The U.S. stock market took a breather Tuesday, though global headline risk remains, so who better to spend an afternoon with than a top-notch stock picker.
The Market's Iron Man: Compare him to Cal Ripken or Brett Favre (no, not that!), but Bill Miller's streak is in a league of its own. The legendary investor made his name beating the S&P for 15 straight years, earning the title "Money Manager of the 1990s" from Money Magazine. Even so, his remarkable run came crashing down when a string of bad bets on the likes of Countrywide, KB Home and Bear Stearns shook his primary fund Legg Mason Value Trust to its core. In his last appearance on CNBC, Miller emphasized a bullish outlook on equitiesand recently built stakes in companies like United Continental, Research in Motion and General Motors . The Chairman & CIO of Legg Mason Capital Management sits down with Erin Burnett for an extensive interview at 2:00p ET on Street Signs.
Crude Reality: The mayhem in the Middle East is being shrugged off by U.S. stock market investors, but below the radar, oil keeps rising. With crude near $105, how long can the calm last? Hmm, could we start to see some companies start to warn about their profits, given the triple whammy of Japan, inflation and higher oil prices?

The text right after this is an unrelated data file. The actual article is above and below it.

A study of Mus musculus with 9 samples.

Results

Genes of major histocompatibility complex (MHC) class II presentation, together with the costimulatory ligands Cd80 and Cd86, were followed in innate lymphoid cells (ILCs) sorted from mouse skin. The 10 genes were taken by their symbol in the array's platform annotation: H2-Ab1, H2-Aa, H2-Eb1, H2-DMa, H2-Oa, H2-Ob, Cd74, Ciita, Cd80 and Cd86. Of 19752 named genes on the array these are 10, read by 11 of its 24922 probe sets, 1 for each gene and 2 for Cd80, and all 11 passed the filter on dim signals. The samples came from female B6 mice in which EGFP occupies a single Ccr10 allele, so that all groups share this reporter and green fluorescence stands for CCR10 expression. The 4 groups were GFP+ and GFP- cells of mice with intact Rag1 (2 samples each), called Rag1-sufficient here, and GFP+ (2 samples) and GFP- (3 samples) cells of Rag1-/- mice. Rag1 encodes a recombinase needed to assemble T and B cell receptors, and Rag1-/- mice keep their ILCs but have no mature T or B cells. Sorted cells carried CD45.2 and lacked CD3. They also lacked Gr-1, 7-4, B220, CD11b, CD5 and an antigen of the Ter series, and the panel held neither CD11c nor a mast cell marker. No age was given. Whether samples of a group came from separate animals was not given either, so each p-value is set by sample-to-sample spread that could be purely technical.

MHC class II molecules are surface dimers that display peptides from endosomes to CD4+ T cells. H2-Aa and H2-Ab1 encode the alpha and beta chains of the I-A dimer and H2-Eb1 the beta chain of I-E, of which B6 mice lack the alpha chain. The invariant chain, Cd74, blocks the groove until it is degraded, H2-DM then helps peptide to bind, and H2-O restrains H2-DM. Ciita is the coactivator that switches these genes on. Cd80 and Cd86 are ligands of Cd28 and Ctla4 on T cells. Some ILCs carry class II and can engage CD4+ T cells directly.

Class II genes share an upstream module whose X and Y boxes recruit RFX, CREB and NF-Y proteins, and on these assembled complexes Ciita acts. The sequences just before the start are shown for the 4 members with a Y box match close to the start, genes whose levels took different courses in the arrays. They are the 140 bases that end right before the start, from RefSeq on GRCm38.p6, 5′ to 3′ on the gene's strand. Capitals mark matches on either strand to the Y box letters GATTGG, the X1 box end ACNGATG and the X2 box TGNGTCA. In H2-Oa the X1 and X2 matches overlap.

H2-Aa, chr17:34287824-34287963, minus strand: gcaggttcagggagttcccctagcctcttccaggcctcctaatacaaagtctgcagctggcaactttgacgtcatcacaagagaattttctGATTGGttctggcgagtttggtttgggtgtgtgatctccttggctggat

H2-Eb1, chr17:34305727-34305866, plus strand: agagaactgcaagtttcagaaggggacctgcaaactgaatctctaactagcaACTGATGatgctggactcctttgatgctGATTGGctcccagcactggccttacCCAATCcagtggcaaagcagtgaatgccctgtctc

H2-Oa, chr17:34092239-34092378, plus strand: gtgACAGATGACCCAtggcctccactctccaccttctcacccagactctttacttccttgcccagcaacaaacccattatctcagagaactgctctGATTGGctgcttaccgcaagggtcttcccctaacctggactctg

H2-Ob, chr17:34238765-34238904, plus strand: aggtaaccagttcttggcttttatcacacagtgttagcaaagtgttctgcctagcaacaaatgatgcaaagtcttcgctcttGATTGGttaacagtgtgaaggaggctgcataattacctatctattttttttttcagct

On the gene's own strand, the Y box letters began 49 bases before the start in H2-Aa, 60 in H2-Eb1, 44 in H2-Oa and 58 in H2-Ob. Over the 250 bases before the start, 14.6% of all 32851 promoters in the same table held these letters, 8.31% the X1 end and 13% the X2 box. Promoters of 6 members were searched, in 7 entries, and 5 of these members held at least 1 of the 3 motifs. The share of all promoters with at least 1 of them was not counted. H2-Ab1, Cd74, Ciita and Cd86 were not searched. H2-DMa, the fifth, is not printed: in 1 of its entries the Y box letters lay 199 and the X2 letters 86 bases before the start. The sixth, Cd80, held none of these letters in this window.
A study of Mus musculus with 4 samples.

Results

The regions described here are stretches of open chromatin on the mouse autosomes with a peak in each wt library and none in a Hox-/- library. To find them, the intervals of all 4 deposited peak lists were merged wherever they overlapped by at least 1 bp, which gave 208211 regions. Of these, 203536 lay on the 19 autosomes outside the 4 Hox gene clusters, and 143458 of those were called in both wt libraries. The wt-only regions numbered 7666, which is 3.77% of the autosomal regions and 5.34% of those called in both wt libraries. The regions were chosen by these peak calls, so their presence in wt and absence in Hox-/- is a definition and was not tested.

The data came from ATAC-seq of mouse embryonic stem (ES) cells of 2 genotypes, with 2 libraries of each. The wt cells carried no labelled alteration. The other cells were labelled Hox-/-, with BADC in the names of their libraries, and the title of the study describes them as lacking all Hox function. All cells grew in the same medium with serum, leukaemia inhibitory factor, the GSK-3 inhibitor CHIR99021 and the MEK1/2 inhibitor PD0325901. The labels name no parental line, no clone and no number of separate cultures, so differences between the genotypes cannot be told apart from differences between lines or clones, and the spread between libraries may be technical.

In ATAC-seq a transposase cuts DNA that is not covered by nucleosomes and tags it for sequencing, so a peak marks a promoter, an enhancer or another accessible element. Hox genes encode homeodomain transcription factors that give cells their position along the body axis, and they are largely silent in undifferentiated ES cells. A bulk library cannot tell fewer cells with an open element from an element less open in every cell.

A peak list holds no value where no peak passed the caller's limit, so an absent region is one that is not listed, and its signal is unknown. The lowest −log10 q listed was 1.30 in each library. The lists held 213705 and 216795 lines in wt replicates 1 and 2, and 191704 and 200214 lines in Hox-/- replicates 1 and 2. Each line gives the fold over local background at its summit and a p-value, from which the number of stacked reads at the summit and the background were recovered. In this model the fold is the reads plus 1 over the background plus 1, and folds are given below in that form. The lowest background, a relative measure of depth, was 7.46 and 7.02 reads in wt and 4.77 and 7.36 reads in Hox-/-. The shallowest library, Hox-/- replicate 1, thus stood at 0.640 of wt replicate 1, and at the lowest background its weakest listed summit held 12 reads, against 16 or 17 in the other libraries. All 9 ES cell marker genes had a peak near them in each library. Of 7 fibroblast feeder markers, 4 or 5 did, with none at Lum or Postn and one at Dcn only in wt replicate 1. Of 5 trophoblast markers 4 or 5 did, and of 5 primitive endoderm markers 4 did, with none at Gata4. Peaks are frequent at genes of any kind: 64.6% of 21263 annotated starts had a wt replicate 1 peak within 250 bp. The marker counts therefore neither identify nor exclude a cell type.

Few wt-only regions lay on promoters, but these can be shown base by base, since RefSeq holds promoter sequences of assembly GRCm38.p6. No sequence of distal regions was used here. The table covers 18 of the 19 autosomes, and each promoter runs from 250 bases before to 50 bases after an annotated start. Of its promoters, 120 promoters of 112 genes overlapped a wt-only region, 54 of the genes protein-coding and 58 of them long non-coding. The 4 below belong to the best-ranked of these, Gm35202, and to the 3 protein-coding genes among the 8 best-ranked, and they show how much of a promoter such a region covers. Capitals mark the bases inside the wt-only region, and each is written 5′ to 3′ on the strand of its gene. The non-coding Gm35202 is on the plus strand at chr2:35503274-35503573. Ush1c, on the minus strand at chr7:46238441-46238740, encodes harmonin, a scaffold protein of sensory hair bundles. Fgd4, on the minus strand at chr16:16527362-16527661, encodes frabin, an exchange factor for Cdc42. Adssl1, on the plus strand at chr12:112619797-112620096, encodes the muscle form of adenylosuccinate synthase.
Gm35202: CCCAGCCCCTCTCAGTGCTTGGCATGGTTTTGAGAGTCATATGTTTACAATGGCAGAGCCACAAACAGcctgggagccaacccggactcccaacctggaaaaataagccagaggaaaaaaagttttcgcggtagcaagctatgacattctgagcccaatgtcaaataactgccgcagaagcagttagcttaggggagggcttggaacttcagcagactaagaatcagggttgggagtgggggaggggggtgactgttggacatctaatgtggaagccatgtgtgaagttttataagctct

Back to Business: Speaking of the Middle East, major losses are expected when the Egyptian stock market finally reopens Wednesday morning for the first time since January 27 and the ouster of former President Hosni Mubarak. Despite the losses, the resumption of trading indicates a hugely positive step as the country tries to get back on track... and investment vehicles like the Market Vectors Egypt Index ETF function more normally. CNBC's Yousef Gamal el-Din is live on the floor when the market opens at 4:30a ET.
Generally Inflated Mills: Anyone who's stepped inside a supermarket in 2011 knows that food inflation is apparent in every aisle. A company that stocks groceries in nearly all of those aisles reports quarterly earnings before the market opens Wednesday. Shares of General Mills have been relatively flat thus far in 2011, while food prices haven't, contributing to an escalating CPI. The street is looking for the company to report earnings of $0.56 a share... though its strategy to manage higher input costs and future guidance will be much of the story. CNBC's Brian Shactman follows the news.
Home Sales, Take Two: In data released Monday, March home sales fell 9.6 percent last month amidst tightening credit, another reminder that housing is a major weak link for the economic recovery. As long as housing slumps, a key component of growth is missing and, perhaps just as significant, economic sentiment throughout the country suffers. We'll get even more insight into the market Wednesday from Diana Olickwhen she reports on the release of the government's New Home Sales numbers.